Smartphones could soon be able to “understand” and translate sign language, thanks to new AI technology from Google.
The search giant has developed new systems that could make smartphones better equipped to understand complex hand signals and gestures. This technology has been hailed by tech insiders as well as those from the hearing-impaired community as the first step towards making devices that can translate sign language.
Previously, smartphones were only able to process the most rudimentary of hand signals, with flicks of the wrist or bends of fingers confusing the system – often because they hid other parts of the hand. However, this latest iteration graphs 21 points across the hand, fingers and wrist, to better map out any gesture from any angle. This means smartphones can now identify when someone’s fingers are touching or when their wrists are turned, for example.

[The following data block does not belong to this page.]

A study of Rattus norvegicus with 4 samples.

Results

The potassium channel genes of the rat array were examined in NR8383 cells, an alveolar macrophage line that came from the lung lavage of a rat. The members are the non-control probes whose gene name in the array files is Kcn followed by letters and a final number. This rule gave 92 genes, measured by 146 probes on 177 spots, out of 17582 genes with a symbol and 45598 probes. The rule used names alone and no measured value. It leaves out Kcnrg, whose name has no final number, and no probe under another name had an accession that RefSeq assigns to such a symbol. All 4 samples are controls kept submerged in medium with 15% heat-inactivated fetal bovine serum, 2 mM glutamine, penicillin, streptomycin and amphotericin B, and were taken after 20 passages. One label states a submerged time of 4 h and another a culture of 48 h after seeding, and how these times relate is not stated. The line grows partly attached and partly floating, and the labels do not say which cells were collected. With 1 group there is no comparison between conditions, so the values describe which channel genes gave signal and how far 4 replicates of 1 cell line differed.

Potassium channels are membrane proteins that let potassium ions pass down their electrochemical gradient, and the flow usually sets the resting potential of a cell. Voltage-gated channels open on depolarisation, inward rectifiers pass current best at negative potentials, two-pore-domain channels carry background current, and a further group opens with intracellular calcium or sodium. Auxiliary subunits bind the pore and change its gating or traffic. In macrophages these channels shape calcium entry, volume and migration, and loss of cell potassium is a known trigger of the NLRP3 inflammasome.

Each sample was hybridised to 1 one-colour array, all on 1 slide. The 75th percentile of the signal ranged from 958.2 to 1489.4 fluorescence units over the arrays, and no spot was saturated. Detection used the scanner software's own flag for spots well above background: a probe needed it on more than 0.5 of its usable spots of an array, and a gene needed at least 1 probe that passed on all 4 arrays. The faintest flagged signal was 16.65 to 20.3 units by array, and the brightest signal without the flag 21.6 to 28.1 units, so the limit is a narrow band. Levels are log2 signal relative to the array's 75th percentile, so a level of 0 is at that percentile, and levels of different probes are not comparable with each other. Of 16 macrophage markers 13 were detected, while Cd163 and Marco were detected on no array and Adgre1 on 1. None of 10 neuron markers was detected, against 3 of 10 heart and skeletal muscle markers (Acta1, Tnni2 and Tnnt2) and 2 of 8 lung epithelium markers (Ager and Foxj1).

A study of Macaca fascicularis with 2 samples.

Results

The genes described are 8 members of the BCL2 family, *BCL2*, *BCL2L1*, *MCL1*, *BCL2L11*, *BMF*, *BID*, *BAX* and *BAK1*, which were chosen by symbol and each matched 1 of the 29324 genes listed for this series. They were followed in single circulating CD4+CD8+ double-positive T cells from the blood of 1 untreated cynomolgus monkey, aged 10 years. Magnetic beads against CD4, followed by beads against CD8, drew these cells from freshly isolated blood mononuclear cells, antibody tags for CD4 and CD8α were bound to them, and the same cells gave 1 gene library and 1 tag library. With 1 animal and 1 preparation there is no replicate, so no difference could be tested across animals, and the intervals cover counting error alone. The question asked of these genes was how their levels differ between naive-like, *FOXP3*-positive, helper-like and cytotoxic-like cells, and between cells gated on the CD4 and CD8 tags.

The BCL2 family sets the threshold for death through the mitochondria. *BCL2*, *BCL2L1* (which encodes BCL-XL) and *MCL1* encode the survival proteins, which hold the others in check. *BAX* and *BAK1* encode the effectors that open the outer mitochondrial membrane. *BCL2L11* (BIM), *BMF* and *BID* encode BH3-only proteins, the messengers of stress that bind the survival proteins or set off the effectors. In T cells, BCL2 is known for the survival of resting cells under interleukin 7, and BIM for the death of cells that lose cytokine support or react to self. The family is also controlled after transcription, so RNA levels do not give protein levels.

Whilst this technology has already been made available in one guise on PC devices, it’s the first time that smartphones have been able to competently identify complex hand signals.
To prove its effectiveness, researchers showed the technology identifying a number of sign language words that grew in complexity. Whilst it started with numbers one to five (shown by raising certain fingers) it quickly moved on to show the system could differentiate between ‘rock’ (the widely known ‘devil horns’ hand gesture) and ‘Spiderman’ (devil horns again but this time with the thumb pointing outwards).
Though Google engineers Valentin Bazarevsky and Fan Zhang stressed that the technology was still in its infancy, they promised to open it up to the community so greater development could be done.
“We plan to extend this technology with more robust and stable tracking, enlarge the amount of gestures we can reliably detect, and support dynamic gestures unfolding in time,” they wrote on Google’s AI Blog. “We believe that publishing this technology can give an impulse to new creative ideas and applications by the members of the research and developer community at large. We are excited to see what you can build with it!”